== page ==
Dissatisfied with government, working-class flips Pennsylvania from blue to red
The Democrats were confident about winning Pennsylvania, but it wasn’t even close in the western part of the state. At the end of the night, Donald Trump breached a region that Democrat Hillary Clinton was banking on in her bid for the presidency.
Key battleground states like Pennsylvania, Michigan and Wisconsin had voted for the Democratic candidate in every presidential election for a generation. Ohio, Minnesota and Iowa have been part of winning Democratic maps, as well.
But Trump outperformed expectations in all of them, moving most into the Republican column even after President Barack Obama twice swept the region.
Beaver, Butler, Fayette, Washington and Westmoreland counties easily went to Donald Trump. Allegheny County was in the minority, where 56 percent of the vote went to Clinton.
Tuesday night, long lines of people – some waiting up to two hours – cast their votes in Pennsylvania. Rural areas carried Trump, and two local counties had higher turnout than they normally see for a presidential election.
In Westmoreland County, turnout was 75 percent -- with 184,000 votes going to Trump. In Washington County, turnout was 70 percent, with nearly 59,000 votes going to Trump.
“I get a kick out of some of these pollsters, which I never put much credence in, all saying that Pennsylvania was decided. Like hell it was decided,” said Larry Spahr, of the Washington County Board of Elections.
Another interesting note in Washington County was that the number of people who voted straight Republican greatly outnumbered straight Democratic. That’s something election officials have never seen in the county, where Democrats used to outnumber Republicans 4 to 1.
"The forgotten men and women of our country will be forgotten no longer," Trump said in his acceptance speech, alluding to his economic populist message that helped him shift much of the old industrial territory.
Trump's supporters said they were deeply dissatisfied with the federal government and eager for change, according to the exit polls conducted by Edison Research for national media outlets.
"It's just shocking that it took a billionaire to connect with the working-class folks that controlled this election," said Byron Dopkins, a 59-year-old accountant and Trump voter in River Falls, Wisconsin. "It wasn't the elite, it wasn't the white collar ... it was the working-class people."
Trump's surge in working-class regions was evident in places such as Mahoning County, Ohio. Obama won Mahoning, where organized labor still acts as a political force, by a 28-point margin in 2012. On Tuesday, Clinton won it by just 3 percentage points and fell short of Obama's vote total by more than 20,000.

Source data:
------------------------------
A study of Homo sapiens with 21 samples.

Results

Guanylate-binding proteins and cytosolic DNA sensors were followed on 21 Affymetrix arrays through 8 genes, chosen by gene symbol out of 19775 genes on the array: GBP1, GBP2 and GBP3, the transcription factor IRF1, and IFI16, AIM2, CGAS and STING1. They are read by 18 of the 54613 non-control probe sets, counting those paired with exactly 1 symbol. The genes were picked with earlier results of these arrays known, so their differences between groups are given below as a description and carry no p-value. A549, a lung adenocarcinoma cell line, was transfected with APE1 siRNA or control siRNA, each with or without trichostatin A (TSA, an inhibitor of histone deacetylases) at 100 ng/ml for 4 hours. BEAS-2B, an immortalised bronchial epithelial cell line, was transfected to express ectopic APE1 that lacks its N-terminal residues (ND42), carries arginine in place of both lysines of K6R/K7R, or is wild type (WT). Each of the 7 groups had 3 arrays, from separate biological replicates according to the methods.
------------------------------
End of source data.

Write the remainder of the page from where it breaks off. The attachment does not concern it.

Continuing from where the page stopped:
Obama won nearby Belmont County, in the coal country along the Ohio River, in his first election. It shifted to Romney in 2012, and on Tuesday Trump won almost 70 percent of the vote.
Across Ohio, nearly half of all voters said international trade hurts the country's jobs situation, and two-thirds of them backed Trump. Two-thirds of the state's voters said the job situation in Ohio had deteriorated or remained static over the past four years, and three-quarters of them voted for Trump.
It was a pattern that repeated across the region.
Clinton did refashion an alliance similar to Obama's — women, young voters and nonwhites — but it wasn't large enough.
In Michigan, she lost Flor Penner, a 60-year-old massage therapist who voted for Trump after having twice voted for Obama. Penner lives in the Detroit suburbs of Macomb County, which twice sided with Obama only to see Trump win by almost 12 points.
Penner said Trump will bring needed change to Washington, compared to "something wrong and corrupt" about Clinton. A Filipino immigrant-turned-American citizen, Penner dismissed Trump's harsh rhetoric on immigration as "just campaigning."
Clinton's support was concentrated in large cities, the Northeast and along the West Coast. But even in some key urban areas, Clinton fell short of Obama's benchmark.
The urban drop-off was a critical blow to Clinton, as Trump ran up resounding margins in small towns and rural areas, while adding victories in many suburbs.
Senior fellow at The Associated Press-NORC Center for Public Affairs Research Marjorie Connelly in Washington and Associated Press writers Amy Forliti in River Falls, Wisconsin, Mike Householder in Waverly, Ohio, and Jeff Karoub in St. Clair Shores, Michigan, contributed to this report.